Being released from prison is often a scary, complicated and difficult experience. This is especially true when you are unsure about where you will go, how you will earn money and how your family will receive you. In the prison system in Senegal, resources for readjustment, housing or job searching are few. Because of these limitations, Tostan’s Prison Project focuses heavily on the successful reintegration of detainees into their communities. In a recent trip to Tambacounda, on behalf of former detainee Assane Ba*, Prison Project team members were able to view the complexities of reintegration first hand.
Assane Ba served a total of 12 years for armed robbery and was housed in two prisons, Camp Penal in Dakar and the regional prison of St. Louis. When he was in Camp Penal, he participated in Tostan Prison Project sessions on a regular basis. Tostan’s Prison Project is a modified version of the Community Empowerment Program (CEP), implemented in five Senegalese prisons. The program focuses on human rights, health and hygiene, problem solving, project management, literacy and numeracy. The Project also provides training in income-generating activities, such as soap making and fabric dyeing, and family mediations for those who have difficulties reconnecting with their families.
Because Assane received no family visits, the Prison Project team carried out a mediation with his family in Goudiry, in the region of Tambacounda, to encourage them to contact Assane. Although Assane’s family were willing to discuss the situation with the team, they remained hesitant to get in touch with him because of his crimes and because of their lack of financial resources to travel the nine hours to Dakar by public transportation. This mediation took place six years before Assane was released from prison, and during this time, he never met with his family. Upon his release last April, Assane returned to his wife and two children in the city of Tambacounda, 72 miles from his family home. Though his wife allowed him to stay, she was unhappy about Assane’s lack of work. His wife’s frustrations and the continued tensions with his family in Goudiry encouraged Assane to contact the Prison Project coordinator, Aissatou Kébé, and request a second family mediation.
The team visited Tambacounda on July 1 and stayed for five days, to see how they could mediate a better relationship between Assane, his wife, and his extended family, and to help him start an income-generating activity allowing him to contribute financially to his family. The team met with his wife and traveled to Goudiry where they spoke with Assane’s mother who agreed to accept him and forgive his mistakes but wasn’t able to make decisions for the family when her other sons were not present. Because Assane’s brothers were unable to be located during the team’s visit, Assane’s mother agreed to talk to them and Tostan regional staff promised to help mediate if tensions continued.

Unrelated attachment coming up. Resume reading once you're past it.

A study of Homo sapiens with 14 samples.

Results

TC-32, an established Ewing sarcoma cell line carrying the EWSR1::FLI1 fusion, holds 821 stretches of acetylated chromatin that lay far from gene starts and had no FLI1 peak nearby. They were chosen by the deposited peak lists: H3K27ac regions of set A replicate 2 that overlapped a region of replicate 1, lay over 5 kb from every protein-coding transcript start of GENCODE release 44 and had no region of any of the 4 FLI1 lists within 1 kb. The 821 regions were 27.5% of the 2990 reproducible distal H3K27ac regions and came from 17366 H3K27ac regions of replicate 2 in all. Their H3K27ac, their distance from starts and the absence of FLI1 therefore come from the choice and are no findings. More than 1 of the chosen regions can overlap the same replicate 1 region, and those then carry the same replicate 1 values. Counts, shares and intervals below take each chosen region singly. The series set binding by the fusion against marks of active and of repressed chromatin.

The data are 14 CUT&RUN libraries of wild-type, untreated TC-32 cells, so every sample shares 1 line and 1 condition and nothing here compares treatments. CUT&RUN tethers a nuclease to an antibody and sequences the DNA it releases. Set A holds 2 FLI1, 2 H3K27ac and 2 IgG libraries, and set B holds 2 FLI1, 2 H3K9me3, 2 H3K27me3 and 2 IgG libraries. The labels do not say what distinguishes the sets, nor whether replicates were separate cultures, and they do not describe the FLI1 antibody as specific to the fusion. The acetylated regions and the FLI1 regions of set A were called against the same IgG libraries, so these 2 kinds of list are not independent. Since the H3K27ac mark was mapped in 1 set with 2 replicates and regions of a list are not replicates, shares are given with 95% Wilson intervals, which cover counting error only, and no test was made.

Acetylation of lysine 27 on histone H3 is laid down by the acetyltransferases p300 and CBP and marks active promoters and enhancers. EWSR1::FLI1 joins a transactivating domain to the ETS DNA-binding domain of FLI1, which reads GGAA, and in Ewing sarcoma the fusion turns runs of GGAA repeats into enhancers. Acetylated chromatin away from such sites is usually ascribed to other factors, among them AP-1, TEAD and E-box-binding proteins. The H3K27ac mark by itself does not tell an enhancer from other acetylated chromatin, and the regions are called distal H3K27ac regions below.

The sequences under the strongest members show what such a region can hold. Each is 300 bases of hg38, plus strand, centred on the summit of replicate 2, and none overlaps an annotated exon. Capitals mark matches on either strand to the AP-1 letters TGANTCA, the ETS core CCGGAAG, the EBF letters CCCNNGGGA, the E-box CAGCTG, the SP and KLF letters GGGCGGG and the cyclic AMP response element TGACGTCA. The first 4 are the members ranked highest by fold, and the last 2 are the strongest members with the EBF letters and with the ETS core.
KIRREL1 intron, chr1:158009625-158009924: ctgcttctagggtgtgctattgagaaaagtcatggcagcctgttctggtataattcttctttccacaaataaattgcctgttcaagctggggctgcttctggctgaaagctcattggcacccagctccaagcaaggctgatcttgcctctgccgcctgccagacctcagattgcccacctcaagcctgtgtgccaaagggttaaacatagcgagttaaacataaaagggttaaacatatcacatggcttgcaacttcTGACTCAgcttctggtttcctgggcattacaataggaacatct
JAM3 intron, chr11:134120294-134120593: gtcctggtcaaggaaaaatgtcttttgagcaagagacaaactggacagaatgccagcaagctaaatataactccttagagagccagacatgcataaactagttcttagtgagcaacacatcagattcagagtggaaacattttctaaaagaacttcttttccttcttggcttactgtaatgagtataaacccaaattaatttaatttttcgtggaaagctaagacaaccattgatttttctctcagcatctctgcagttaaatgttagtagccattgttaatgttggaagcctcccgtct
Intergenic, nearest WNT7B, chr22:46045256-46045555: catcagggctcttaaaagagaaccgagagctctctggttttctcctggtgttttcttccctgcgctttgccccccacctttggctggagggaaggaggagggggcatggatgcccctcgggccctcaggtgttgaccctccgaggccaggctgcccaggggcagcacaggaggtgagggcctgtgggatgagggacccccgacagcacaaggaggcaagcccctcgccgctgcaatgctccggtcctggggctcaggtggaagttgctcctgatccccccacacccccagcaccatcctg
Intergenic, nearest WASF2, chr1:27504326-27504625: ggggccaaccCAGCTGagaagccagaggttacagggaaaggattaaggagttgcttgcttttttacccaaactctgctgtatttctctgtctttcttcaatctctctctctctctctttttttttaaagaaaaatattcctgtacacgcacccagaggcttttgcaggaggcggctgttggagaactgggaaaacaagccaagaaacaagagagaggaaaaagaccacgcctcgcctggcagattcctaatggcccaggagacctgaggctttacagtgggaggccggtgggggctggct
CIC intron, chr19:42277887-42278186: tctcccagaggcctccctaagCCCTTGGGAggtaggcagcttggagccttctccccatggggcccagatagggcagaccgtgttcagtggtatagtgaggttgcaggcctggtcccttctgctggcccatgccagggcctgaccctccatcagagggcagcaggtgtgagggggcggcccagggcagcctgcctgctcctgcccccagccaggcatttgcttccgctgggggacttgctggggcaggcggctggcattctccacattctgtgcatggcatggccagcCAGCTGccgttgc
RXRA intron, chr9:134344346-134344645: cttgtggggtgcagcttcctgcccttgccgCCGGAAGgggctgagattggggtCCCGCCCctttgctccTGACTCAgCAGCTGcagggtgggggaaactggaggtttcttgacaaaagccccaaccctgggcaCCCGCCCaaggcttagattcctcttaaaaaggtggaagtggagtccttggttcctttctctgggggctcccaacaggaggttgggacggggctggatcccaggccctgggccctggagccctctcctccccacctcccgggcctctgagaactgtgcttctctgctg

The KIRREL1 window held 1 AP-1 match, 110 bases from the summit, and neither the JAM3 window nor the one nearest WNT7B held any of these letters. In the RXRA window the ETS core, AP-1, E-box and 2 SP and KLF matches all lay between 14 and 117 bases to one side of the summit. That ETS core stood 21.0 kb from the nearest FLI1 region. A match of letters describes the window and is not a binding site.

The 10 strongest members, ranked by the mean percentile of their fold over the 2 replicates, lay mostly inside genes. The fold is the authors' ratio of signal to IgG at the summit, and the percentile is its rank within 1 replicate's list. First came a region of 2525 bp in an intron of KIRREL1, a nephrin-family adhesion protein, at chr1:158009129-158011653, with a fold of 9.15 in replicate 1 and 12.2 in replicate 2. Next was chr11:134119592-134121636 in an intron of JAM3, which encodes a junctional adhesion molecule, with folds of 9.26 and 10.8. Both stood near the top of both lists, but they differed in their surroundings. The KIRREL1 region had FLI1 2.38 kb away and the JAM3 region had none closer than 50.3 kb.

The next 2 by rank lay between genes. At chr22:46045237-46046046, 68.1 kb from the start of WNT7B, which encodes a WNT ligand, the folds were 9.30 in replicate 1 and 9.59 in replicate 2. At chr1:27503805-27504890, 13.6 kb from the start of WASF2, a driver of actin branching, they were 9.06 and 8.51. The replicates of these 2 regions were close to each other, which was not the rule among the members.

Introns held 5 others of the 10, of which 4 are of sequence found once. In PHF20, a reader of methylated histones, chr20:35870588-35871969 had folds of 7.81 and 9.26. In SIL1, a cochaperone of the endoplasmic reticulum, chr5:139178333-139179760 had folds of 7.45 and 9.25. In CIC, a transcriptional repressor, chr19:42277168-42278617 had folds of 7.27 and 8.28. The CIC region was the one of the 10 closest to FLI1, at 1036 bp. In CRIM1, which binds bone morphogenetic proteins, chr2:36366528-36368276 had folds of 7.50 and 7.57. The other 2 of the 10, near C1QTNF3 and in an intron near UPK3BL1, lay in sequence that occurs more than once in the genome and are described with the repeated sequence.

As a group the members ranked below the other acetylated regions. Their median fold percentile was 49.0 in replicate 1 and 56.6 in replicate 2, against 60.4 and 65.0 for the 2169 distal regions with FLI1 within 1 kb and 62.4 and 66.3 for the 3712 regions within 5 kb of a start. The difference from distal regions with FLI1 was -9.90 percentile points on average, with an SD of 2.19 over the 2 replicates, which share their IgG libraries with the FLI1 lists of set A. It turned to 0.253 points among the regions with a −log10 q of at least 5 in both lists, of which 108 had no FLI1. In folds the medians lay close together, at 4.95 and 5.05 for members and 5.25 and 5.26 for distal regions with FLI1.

Assane’s wife was reluctant to talk at length with the team. According to Assane, in order to support their two daughters while he was in prison, she had been earning money through prostitution. Despite Assane’s requests, his wife decided to continue this work until there was money coming into the house from another source. The team offered a start-up fund of 100,000cfa ($200) with the condition that Assane created a business plan and used the money for income-generating activities. During his time in prison, Assane had participated in aviculture training organized by Tostan and he expressed an interest in learning more about this. Luckily, he had a friend in Tambacounda, a teacher who also had a large henhouse. The team visited Assane’s friend and the henhouse and was very impressed with the work. Assane’s friend agreed to extend his support and knowledge to Assane in order to help him to turn his life around. Assane’s wife accompanied the team on their visit to the henhouse and expressed happiness and confidence in her husband’s choice of work. With his wife’s support, Assane plans to invest 100.000cfa in raising 125 chickens and learning more about the trade with the assistance of his friend. The Prison Project team hopes that when Assane begins to earn money from this activity, he will be able to support his family.
Throughout these five days in Tambacounda, the Prison Project team gained valuable insights into the difficulties Assane was having with his family as well as his determination to change his life. Assane described his life before going to prison as dishonest, never earning any money in a legitimate way. He explained that his participation in the Tostan program while in prison had helped him gain the necessary confidence and determination to be a responsible citizen. Starting over after prison is not an easy task, and the support of your family matters more than ever. Assane contacted the Prison Project so that they could help him reconnect with his family and stay on a better path. During their five day visit, the team addressed both financial issues and family matters, and the results will hopefully allow Assane to succeed with his future endeavors.
The Prison Project team wishes Assane the best and will continue to follow up on his progress with the help of Tostan regional staff in Goudiry.
Story by Kaela McConnon, Tostan.
*Names and locations have been changed in order to protect the identity of individuals.